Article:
Anton Lander might be the most baffling prospect in the Oilers’ system. He found another level offensively in the American League in 2013-14, but continued to post Jean-Francois Jacquesian scoring totals when promoted to the majors. What’s going on?
A look at his situational statistics is illuminating.

The Splits

The Oklahoma City Barons’ power play was lethal in 2013-14, finishing third overall in the AHL. Lander was both driver and beneficiary, and by my count he recorded more than half of his offence with the man advantage:
  • Power play: 10 goals, 17 assists, 27 points
  • Other situations: Eight goals, 17 assists, 25 points
Thanks to that power play push, Lander topped the point-per-game mark in the minors for the first time in his career. The obvious problem is that however good he is on an AHL power play, Lander is not likely to see significant minutes in that role in the majors (though Dallas Eakins gave him a push in the latter half of last season).
Does that mean we should disregard his impressive numbers and get set for more major-league impotence?


The short answer is ‘no’ (well, actually it’s ‘probably not’ but I’m trying not to hedge here).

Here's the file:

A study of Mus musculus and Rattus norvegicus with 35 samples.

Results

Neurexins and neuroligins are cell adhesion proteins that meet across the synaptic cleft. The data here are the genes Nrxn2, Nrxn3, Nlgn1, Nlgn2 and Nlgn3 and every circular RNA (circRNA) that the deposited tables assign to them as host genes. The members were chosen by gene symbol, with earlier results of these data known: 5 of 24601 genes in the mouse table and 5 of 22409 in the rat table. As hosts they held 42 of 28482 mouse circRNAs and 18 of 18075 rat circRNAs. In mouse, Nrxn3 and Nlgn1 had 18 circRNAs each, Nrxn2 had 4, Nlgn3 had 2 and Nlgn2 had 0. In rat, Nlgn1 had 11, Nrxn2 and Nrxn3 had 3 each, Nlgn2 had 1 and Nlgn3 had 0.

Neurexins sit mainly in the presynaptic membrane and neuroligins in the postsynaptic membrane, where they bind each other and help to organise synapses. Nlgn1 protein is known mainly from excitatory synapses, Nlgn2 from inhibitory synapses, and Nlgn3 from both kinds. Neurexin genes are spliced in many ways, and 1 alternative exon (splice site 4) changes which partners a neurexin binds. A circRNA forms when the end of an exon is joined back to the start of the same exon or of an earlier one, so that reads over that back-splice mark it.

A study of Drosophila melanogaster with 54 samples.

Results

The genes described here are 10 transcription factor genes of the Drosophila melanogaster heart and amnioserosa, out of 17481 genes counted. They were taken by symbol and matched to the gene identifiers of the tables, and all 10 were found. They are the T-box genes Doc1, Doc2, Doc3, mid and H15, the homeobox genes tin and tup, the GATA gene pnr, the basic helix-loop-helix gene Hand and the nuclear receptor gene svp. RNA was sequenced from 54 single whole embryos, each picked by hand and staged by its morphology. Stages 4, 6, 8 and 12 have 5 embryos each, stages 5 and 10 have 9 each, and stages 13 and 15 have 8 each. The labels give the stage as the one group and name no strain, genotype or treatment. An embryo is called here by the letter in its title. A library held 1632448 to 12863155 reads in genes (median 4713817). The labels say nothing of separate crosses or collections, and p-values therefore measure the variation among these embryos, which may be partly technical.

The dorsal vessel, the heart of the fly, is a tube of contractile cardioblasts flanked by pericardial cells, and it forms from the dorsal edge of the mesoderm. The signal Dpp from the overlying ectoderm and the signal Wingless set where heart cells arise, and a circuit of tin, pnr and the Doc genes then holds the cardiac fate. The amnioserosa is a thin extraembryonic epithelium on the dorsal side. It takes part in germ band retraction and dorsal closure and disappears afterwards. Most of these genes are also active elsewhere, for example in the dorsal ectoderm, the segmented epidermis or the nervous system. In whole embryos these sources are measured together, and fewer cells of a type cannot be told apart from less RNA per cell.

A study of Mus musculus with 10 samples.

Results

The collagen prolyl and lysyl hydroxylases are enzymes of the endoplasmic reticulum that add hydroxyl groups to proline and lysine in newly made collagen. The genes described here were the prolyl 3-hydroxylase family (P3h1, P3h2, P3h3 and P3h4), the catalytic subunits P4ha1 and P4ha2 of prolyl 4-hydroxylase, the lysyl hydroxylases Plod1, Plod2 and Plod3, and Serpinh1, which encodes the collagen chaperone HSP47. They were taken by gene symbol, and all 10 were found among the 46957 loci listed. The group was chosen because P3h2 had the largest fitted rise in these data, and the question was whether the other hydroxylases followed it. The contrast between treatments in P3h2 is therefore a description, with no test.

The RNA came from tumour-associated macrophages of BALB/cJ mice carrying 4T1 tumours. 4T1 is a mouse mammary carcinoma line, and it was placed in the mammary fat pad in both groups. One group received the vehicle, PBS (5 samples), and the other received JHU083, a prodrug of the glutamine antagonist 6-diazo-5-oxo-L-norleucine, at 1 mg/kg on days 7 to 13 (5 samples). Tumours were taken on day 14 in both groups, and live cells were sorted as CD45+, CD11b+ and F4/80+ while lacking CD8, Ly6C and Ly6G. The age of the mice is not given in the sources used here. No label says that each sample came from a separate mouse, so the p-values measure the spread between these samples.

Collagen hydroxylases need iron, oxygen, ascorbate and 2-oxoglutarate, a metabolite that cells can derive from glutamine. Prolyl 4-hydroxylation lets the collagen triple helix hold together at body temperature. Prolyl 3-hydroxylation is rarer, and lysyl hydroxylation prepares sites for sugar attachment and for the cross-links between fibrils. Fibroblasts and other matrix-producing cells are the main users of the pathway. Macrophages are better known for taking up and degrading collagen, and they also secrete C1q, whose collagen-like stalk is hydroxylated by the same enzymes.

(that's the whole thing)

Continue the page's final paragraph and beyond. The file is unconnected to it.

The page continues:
What we want to see is progression, and if we isolate Lander’s non-power play numbers it becomes evident that even without the power play window dressing the player took major strides last year:
  • 2011-12: 14 games, five points (0.357 points per game/29-point pace)
  • 2012-13: 47 games, 16 points (0.340 points per game/28-point pace)
  • 2013-14: 46 games, 25 points (0.543 points per game/45-point pace)
What we have here is a picture of steady progression. 2012-13 was a bit of a special year because of the NHL lockout, and Lander took a major leap forward after it ended – fully three-quarters of his points came after January 1 and he was a point-per-game guy in the postseason that year.
That 45-point pace line might not sound especially good, but with the power play results filtered out it’s actually quite decent. For the sake of comparison, Jordan Eberle had 44 non-power play points in the NHL last year; David Perron had 43.
Stripping away the power play numbers tells us that Lander’s offensive totals in the AHL are a little misleading. But focusing in solely on his even-strength totals tells us this guy has the necessary tools to score at a high level in the second-best league in North America. At some point, he’s bound to figure it out in the majors, and he’s very likely to get a shot at doing so this season. Of course, if he can’t figure it out this time around there probably won’t be another.